Jon Cooper remembered a moment Tuesday when the forwards on the Tampa Bay Lightning’s fourth line looked up at him and asked if they were going over the boards for another shift.
Cooper didn’t hesitate.
“I’m like, ‘[Darn] right you’re going,'” the Lightning coach said. “Trust yourself, and they did, and scored a huge goal for us.”
Ross Colton scored an unassisted goal off a turnover at 9:04 of the third period to give the Lightning a 2-0 lead against the Carolina Hurricanes in Game 5 of the Stanley Cup Second Round.
It was the last goal scored in the best-of-7 series, which the Lightning won to advance to the Stanley Cup Semifinals.
It was also the signature moment for the line, which has been forging its identity with the speed of Colton and center Tyler Johnson, and power of Pat Maroon, who at 6-foot-3, 238 pounds is known as the “Big Rig.”
“They were huge,” Lightning defenseman Mikhail Sergachev said. “You watch them play, you want to get out there and do the same. ‘Patty’ behind the net, in his office I would call it. He was buzzing out there, getting pucks to the net. Nobody could take the puck away from him. ‘Johnny’ with his speed and Ross with his speed, they would get through the neutral zone really fast. It was fun to watch, and hopefully we see more of that.”
Tampa Bay will play the New York Islanders or Boston Bruins in the Stanley Cup Semifinals. The Islanders lead that series and could advance with a win in Game 6 at home on Wednesday (7:30 p.m. ET; NBCSN, CBC, SN, TVAS).
No matter whom they play next, the Lightning figure to be a tough out if they continue to get the same momentum-changing shifts and important goals from their fourth line as they’ve received the past two games.
Johnson scored the game-tying goal at 17:10 of the second period of Game 4, a 6-4 win. Colton and Maroon had the assists.
“It’s been awesome,” Colton said. “I give a lot of credit to everyone in the lineup, especially ‘Coop,’ who had the confidence to throw us out there tonight in all situations, just rolling four lines. That gives me, Patty and Johnny all the confidence in the world to go out there and make plays. We got rewarded at the end, but we could have had a few other ones throughout the game.”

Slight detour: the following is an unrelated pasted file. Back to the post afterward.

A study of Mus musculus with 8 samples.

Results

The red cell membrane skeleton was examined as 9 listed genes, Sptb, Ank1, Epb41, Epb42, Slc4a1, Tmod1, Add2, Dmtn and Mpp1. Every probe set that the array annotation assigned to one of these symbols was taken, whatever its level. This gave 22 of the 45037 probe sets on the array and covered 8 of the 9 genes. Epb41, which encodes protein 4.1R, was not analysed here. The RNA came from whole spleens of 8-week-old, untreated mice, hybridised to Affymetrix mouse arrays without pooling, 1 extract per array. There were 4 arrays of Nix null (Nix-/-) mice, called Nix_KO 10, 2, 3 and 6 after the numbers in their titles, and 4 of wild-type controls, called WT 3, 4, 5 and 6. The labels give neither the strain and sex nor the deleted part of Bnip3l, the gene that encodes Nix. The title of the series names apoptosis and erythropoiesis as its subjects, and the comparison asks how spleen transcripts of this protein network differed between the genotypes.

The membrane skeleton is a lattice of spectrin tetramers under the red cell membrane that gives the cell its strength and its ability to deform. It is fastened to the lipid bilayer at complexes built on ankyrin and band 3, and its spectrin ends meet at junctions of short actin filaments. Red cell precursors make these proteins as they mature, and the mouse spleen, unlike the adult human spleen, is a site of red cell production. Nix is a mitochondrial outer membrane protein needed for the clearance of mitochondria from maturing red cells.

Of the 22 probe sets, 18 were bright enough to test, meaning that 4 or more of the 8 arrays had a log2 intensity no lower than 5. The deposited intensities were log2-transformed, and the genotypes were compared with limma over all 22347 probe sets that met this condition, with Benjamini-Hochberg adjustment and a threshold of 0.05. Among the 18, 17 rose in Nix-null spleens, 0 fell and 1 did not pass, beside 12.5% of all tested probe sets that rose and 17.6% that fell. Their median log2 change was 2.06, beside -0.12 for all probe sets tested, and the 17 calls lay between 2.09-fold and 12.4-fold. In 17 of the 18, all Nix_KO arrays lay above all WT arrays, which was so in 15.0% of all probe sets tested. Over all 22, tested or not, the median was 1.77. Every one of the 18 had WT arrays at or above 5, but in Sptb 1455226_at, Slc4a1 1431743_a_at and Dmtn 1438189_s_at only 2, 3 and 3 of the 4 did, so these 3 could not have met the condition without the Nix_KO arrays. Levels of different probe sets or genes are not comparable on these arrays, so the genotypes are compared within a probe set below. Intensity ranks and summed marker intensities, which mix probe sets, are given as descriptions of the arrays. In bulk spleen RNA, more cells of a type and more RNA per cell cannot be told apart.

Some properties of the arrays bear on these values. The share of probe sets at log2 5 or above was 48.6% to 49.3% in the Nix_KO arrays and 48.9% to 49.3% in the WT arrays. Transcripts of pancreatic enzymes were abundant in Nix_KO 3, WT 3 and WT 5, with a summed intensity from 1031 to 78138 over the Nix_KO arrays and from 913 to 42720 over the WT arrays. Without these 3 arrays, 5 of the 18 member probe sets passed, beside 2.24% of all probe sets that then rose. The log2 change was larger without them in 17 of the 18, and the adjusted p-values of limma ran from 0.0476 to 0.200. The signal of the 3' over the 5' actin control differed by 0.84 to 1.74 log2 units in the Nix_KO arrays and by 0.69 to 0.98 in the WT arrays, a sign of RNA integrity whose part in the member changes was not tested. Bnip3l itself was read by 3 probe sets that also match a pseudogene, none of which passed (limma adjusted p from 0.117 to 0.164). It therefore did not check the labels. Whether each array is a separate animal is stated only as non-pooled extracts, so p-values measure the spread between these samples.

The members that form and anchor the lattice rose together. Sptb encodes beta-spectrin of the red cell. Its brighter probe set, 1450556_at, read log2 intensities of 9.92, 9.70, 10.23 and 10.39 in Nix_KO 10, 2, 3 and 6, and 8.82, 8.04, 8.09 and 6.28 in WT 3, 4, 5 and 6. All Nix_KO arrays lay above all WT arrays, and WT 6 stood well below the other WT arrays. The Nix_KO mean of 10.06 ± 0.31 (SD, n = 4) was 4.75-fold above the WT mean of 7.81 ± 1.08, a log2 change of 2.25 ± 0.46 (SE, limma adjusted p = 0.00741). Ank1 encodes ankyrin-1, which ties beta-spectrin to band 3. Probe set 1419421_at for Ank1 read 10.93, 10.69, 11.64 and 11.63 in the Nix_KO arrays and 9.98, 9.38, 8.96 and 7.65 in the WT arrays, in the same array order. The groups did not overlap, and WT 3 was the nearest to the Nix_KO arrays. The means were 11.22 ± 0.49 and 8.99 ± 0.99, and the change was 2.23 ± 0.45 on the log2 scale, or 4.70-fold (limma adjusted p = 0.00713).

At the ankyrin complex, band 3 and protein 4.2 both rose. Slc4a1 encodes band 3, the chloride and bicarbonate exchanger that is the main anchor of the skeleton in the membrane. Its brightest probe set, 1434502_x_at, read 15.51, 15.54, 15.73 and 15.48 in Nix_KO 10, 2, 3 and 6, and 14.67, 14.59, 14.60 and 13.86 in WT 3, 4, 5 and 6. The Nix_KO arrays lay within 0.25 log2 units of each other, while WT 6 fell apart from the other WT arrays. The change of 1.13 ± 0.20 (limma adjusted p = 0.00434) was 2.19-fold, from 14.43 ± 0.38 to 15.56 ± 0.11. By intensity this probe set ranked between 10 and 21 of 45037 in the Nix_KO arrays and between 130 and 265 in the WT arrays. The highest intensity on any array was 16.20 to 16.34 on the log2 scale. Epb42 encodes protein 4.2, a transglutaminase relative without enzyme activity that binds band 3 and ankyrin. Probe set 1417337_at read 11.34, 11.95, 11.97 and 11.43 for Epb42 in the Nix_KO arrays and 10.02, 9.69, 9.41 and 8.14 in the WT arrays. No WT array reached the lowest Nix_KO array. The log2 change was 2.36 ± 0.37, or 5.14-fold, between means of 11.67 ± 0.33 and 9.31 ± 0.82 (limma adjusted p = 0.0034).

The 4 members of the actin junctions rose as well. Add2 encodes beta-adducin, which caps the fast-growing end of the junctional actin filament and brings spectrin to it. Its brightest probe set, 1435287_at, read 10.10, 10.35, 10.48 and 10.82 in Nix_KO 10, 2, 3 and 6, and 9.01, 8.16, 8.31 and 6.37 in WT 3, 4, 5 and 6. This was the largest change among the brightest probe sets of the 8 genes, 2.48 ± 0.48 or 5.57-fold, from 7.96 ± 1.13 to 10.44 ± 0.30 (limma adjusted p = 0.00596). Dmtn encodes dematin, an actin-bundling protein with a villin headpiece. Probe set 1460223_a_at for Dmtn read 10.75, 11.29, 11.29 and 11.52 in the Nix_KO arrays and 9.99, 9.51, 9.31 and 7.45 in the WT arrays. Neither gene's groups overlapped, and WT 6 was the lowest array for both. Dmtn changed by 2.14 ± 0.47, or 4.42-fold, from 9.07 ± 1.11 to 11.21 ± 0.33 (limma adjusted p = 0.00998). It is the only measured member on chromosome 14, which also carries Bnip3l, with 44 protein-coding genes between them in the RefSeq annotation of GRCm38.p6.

Prior to Colton’s goal in Game 5, he hit the crossbar at 4:26 of the second period and was set up by Maroon for a Grade A chance from the slot at 6:17 of the third period that went into the pads of Carolina goalie Alex Nedeljkovic.
Maroon also had a chance in front but lost the puck as it rolled up his stick.
Colton scored his goal on three shots in the third period, when he had four shifts totaling 2:59 of ice time. Johnson played 2:56 and Maroon played 2:15 in the third period, with most of that time spent in the offensive zone.
“Johnny was using his speed, he wanted the puck, he was commanding it,” Cooper said. “Patty boy, they call him the Big Rig for a reason, he’s a load to handle down low. When you get into these man-to-man situations, if you win your 1-on-1 battles, that was a big point of emphasis these past few games, to make sure the puck stayed below the goal line as long as we could. Ross, the kid has a shot, he can skate, he’s just a good blend.”
Forward Brayden Point, who scored the first goal in Game 5, said the rest of the Lightning skaters gained extra energy because of what the fourth line was doing.
“They were creating chances for us, going to the net hard, playing good defense and blocking shots, winning the puck down low,” Point said. “Our team definitely fed off that. It takes everyone in the playoffs and everyone has their moments, and tonight they were great. They’ve been great all series, they’ve been great playoffs. Tonight, they get rewarded.”
The reward was another example why the Lightning are winning again in the playoffs, halfway through a run to repeat as Stanley Cup champions.
“We just got outstanding minutes from all four lines,” Cooper said. “That’s how you win. You need everybody to contribute.”